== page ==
To improve the Commonwealth’s competitiveness, affordability and equity, Massachusetts Governor Maura Healey signed the Massachusetts Tax Relief Bill into law on October 4, 2023. The bill (H.4104) includes a wide range of tax changes aimed at providing relief to families, businesses and individuals throughout the state.
This tax alert discusses the details of the tax relief bill as follows:
- The bill enacts a single sales factor apportionment formula for all corporations (including C and S), partnerships and financial institutions effective tax year 2025. Under current law, business entities generally are required to apportion their net income using a three-factor formula.
- The bill repealed the existing rule in which if the denominator is less than 3.33 percent of taxable net income then the factor would be inapplicable.
- The bill reduces the short-term capital gains rate from 12 percent to 8.5 percent effective Jan. 1, 2023. The long-term capital gains rate remains unchanged i.e., 5 percent.
- Effective for the estates of decedents dying on or after Jan. 1, 2023, the tax threshold for the estate tax is increased from the current $1 million to $2 million with the tax imposed on revenue above the $2 million threshold.
- The bill mandates that married couples file joint state returns for any year in which a joint federal return is filed. The filing change is effective for tax years beginning on or after Jan. 1, 2024.
- Review additional details of the tax relief bill here.
- Single Sale Factor: The shift to a single-sales factor apportionment formula may affect the calculation of a business corporation’s taxable net worth. In addition, the change in apportionment formula will place additional burden on business entities that ship goods from Massachusetts and thus such entities may be required to throw back sales to Massachusetts for non-filing jurisdictions. (Note that there are no changes to the existing throwback rules in Massachusetts.) Taxpayers should review and plan accordingly since the change in single-sales factor may not go into effect until tax year 2025.
- Massachusetts Estate Tax: The law is retroactive to Jan. 1, 2023. As a result, the estates of those who died in 2023 who paid the Massachusetts estate tax may be entitled to a refund. The change in law may have an impact on existing estate plans, which should be revisited.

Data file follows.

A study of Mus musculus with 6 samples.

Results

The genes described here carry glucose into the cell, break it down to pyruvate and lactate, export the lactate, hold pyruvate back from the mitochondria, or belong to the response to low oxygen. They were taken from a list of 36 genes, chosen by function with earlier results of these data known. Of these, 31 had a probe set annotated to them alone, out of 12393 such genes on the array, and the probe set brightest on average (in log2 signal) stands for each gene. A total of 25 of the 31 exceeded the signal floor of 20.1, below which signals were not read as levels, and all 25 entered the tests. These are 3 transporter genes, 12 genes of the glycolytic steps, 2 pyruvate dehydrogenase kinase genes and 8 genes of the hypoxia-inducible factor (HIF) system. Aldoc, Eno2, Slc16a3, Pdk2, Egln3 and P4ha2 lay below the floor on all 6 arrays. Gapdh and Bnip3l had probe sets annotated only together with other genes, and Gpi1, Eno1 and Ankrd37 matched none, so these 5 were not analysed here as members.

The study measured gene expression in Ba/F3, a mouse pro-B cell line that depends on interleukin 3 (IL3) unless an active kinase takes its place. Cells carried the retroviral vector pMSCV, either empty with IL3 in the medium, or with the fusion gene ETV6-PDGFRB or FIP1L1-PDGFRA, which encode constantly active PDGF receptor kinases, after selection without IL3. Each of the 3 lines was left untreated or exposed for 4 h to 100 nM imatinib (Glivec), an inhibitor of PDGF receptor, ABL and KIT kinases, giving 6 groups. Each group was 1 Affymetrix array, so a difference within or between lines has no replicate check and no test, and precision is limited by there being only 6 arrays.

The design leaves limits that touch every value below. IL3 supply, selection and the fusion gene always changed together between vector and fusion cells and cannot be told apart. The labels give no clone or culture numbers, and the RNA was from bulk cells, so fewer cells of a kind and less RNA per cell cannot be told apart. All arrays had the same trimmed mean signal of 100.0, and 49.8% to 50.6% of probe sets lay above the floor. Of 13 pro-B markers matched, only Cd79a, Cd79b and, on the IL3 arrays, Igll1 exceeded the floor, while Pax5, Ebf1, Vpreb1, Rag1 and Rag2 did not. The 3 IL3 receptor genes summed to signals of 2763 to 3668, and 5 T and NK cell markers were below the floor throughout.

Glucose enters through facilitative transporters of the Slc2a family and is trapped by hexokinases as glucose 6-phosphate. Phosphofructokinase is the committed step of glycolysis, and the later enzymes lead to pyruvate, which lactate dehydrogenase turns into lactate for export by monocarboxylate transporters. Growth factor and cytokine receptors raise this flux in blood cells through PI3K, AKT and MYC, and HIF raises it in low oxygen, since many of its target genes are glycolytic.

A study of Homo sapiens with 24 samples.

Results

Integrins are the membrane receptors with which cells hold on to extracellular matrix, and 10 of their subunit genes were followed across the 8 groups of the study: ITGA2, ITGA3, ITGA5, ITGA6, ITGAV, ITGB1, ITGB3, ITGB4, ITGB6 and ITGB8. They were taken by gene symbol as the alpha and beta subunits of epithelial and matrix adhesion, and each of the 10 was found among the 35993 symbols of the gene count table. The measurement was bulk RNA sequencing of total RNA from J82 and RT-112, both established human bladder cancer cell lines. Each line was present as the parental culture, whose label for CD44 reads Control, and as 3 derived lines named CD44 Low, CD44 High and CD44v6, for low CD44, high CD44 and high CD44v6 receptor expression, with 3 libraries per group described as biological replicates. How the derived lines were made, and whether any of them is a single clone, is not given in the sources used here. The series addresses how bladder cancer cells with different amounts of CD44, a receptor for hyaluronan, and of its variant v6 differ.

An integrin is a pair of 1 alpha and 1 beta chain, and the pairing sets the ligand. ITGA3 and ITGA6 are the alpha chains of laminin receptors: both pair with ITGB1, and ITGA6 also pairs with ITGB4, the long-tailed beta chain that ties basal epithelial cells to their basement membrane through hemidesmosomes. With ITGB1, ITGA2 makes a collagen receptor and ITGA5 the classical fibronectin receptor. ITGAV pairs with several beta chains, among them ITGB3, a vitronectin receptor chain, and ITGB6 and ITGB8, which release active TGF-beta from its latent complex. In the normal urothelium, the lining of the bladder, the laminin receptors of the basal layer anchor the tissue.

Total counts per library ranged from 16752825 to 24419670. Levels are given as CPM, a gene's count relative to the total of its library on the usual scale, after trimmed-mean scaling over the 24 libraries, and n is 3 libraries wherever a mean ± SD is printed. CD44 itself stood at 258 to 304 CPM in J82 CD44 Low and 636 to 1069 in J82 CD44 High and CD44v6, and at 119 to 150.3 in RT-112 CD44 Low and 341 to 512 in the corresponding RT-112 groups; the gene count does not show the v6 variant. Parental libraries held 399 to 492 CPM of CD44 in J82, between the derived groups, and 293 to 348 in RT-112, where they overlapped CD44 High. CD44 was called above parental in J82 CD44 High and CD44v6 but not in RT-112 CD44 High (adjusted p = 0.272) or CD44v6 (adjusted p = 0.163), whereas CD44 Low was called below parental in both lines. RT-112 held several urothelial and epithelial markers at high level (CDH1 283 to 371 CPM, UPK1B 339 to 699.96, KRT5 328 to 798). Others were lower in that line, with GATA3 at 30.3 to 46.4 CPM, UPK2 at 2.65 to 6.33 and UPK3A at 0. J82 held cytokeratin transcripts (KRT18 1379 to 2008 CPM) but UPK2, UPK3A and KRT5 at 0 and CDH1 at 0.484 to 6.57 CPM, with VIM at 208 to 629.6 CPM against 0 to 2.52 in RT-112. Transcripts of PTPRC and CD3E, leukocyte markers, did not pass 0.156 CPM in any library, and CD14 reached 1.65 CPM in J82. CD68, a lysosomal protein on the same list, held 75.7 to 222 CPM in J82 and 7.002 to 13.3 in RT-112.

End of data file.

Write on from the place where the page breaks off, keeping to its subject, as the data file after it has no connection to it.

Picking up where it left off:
- Millionaire’s Tax: Under current law, a couple that files a married filing joint federal return is allowed to file a married filing separate Massachusetts return. Therefore, a married couple whose combined income exceeds $1 million can reduce or eliminate the 4-percent surtax by filing a separate state tax return.
The newly passed bill includes a provision requiring a married couple to file a joint Massachusetts return for any year in which the couple files a joint federal income tax return. However, if one spouse is a nonresident of Massachusetts then the state may allow separate filings. As such, this new rule is designed to prevent married couples from filing separate Massachusetts tax returns simply to avoid or minimize the imposition of the millionaire’s tax.
- Pass-Through Entity Tax (PTE): Under current law, the tax rate of the PTE is 5 percent. A qualified member of an electing PTE is eligible for a refundable credit equal to 90 percent of PTE tax paid. As such, the bill requires the Massachusetts Department of Revenue to analyze whether the PTE tax rate may be increased up to 9 percent to provide taxpayers an additional benefit of a PTE election. The Department of Revenue is required to submit its report to the Legislature no later than Feb. 1, 2024.
Taxpayers should examine the facts and circumstances to determine whether any planning in Massachusetts will result in tax benefits. For any further assistance or questions related to Massachusetts legislative changes, please reach out to GHJ’s State and Local Tax Team.